More vector stuff :-)

More vector stuff 🙂 Good to get familiar with this, as once you are, it really does simplify the description of so much physics. I’ve seen lots of students struggle with Electromagnetism and I suspect this is because they find the perceived complexity of the maths, disguises the simplicity of the physics. Familiarity with vectors and their operators really does make life so much easier. Like most (all?) of maths, it can seem impenetrable, even pointless when you first encounter it. As if some weird mathematician is just creating complexity for the sake of it, but give it time; practice, and soon you will see how everything is connected.

This time I’m going to try inserting the equations as images, as the HTML struggles at times, with the extended character sets. Actually… Scrub that! What a pain! It seems to be compound characters, the blog is struggling with, the ‘hats’ over the unit vectors. It must be related to the style sheet I’m using, so bear with. . . 😉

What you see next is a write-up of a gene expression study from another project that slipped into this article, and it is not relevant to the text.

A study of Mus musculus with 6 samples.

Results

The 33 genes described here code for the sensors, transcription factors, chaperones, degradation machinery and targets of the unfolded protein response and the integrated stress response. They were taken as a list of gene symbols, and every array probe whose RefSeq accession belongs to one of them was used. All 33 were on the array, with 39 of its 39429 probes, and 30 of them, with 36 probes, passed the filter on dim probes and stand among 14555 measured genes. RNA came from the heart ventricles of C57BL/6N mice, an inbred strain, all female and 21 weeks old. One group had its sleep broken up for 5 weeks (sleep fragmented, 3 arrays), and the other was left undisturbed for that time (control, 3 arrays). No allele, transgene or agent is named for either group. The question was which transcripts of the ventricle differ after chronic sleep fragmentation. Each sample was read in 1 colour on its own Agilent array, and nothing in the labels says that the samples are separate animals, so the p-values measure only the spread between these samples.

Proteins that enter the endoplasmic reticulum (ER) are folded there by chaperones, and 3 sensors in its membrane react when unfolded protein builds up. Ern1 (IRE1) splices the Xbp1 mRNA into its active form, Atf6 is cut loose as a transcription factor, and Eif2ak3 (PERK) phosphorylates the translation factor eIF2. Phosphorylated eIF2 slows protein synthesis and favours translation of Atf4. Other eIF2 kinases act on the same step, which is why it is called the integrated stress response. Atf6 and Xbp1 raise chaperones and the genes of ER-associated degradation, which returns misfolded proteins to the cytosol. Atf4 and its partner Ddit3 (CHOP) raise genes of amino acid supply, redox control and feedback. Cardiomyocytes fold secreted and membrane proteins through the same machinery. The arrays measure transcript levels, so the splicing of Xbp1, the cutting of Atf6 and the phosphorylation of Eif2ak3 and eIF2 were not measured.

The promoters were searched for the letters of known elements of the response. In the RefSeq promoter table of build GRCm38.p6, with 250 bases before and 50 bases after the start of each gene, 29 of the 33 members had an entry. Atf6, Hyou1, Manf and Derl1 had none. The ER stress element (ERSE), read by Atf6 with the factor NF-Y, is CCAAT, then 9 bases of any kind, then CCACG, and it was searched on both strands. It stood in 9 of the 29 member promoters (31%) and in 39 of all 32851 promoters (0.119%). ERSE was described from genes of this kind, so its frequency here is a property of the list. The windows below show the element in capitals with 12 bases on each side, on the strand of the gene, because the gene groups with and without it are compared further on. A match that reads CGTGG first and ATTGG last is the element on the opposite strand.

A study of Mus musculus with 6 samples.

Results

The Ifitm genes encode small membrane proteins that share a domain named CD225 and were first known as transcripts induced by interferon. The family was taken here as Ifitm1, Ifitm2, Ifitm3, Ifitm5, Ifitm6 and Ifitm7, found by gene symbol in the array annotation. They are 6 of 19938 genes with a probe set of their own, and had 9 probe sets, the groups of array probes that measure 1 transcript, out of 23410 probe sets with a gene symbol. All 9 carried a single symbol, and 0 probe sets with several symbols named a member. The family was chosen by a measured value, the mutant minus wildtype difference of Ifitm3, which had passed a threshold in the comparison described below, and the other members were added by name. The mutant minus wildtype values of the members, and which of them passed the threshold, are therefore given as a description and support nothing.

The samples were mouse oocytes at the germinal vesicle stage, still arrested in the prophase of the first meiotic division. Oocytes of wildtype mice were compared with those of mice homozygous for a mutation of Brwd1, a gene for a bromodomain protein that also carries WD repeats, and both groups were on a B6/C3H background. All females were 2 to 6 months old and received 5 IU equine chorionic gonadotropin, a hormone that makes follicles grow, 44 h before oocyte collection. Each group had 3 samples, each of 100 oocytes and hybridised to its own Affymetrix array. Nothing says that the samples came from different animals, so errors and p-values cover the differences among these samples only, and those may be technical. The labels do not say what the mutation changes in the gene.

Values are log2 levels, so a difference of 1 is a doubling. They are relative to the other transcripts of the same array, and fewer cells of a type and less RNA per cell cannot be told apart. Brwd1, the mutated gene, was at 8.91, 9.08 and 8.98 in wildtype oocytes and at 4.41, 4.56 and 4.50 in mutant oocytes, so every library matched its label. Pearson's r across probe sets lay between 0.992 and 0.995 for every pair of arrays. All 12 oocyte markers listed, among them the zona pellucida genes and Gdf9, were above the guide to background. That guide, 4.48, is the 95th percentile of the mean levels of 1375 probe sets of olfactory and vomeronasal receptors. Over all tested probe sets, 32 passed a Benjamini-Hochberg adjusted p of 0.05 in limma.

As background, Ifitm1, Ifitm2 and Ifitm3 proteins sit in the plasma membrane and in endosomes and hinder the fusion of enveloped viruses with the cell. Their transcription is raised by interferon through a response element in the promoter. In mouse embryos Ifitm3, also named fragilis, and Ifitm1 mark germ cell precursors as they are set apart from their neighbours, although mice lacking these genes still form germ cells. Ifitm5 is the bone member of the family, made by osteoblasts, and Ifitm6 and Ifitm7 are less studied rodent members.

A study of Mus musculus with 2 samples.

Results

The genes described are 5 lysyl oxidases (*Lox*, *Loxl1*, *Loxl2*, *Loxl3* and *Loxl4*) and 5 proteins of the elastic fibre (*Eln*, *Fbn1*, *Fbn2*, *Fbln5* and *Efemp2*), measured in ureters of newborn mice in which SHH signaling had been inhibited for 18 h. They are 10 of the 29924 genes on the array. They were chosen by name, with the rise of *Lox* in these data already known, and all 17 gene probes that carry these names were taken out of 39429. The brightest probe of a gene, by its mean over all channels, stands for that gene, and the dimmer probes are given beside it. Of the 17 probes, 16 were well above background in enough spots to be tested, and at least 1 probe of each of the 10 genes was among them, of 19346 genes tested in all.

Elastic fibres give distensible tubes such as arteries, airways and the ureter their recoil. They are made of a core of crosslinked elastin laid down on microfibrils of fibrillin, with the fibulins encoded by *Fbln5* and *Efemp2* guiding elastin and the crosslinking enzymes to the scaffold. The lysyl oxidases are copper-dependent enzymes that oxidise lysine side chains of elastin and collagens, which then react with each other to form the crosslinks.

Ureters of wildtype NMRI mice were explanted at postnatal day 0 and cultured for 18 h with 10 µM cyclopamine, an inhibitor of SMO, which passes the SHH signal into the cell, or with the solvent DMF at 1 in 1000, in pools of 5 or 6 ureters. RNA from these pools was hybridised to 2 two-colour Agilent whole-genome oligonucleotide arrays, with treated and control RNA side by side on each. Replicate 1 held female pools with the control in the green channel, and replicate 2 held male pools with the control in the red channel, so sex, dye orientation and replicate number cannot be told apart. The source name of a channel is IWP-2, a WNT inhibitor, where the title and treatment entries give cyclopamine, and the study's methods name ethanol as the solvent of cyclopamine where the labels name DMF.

Spatial Derivatives

For a function f(x,y,z) a useful vector, the gradient can be derived:

grad f = (∂f/∂x, ∂f/∂y, ∂f/∂z) = x̂(∂f/∂x) + ŷ(∂f/∂y) + ẑ (∂f/∂z)

The gradient of f is the vector pointing in the direction in which f(x,y,z) changes most rapidly. Its magnitude is the directional derivative of f, the rate of increase of f in the direction of grad f

To make these types of equation easier to read, we define an operator ‘del’, ∇ = x̂(∂/∂x) + Å·(∂/∂y) + ẑ (∂/∂z).

This allows grad f to be written ∇f

The divergence of the vector v is, ∇ ∙ v = ∂vx/∂x + ∂vy/∂y +∂vz/∂z.

This is a scalar that describes the ‘source’ or ‘sink’ of a field or fluid.

The curl of vector v is, ∇ × v = (∂vz/∂y-∂vy/∂z) x̂+ (∂vx/∂z-∂vz/∂x) ŷ + (∂vy/∂x-∂vx/∂y)ẑ.

The physical meaning of this vector is a measure of how the vector circles around a point, e.g. the magnetic field circling around a current carrying wire.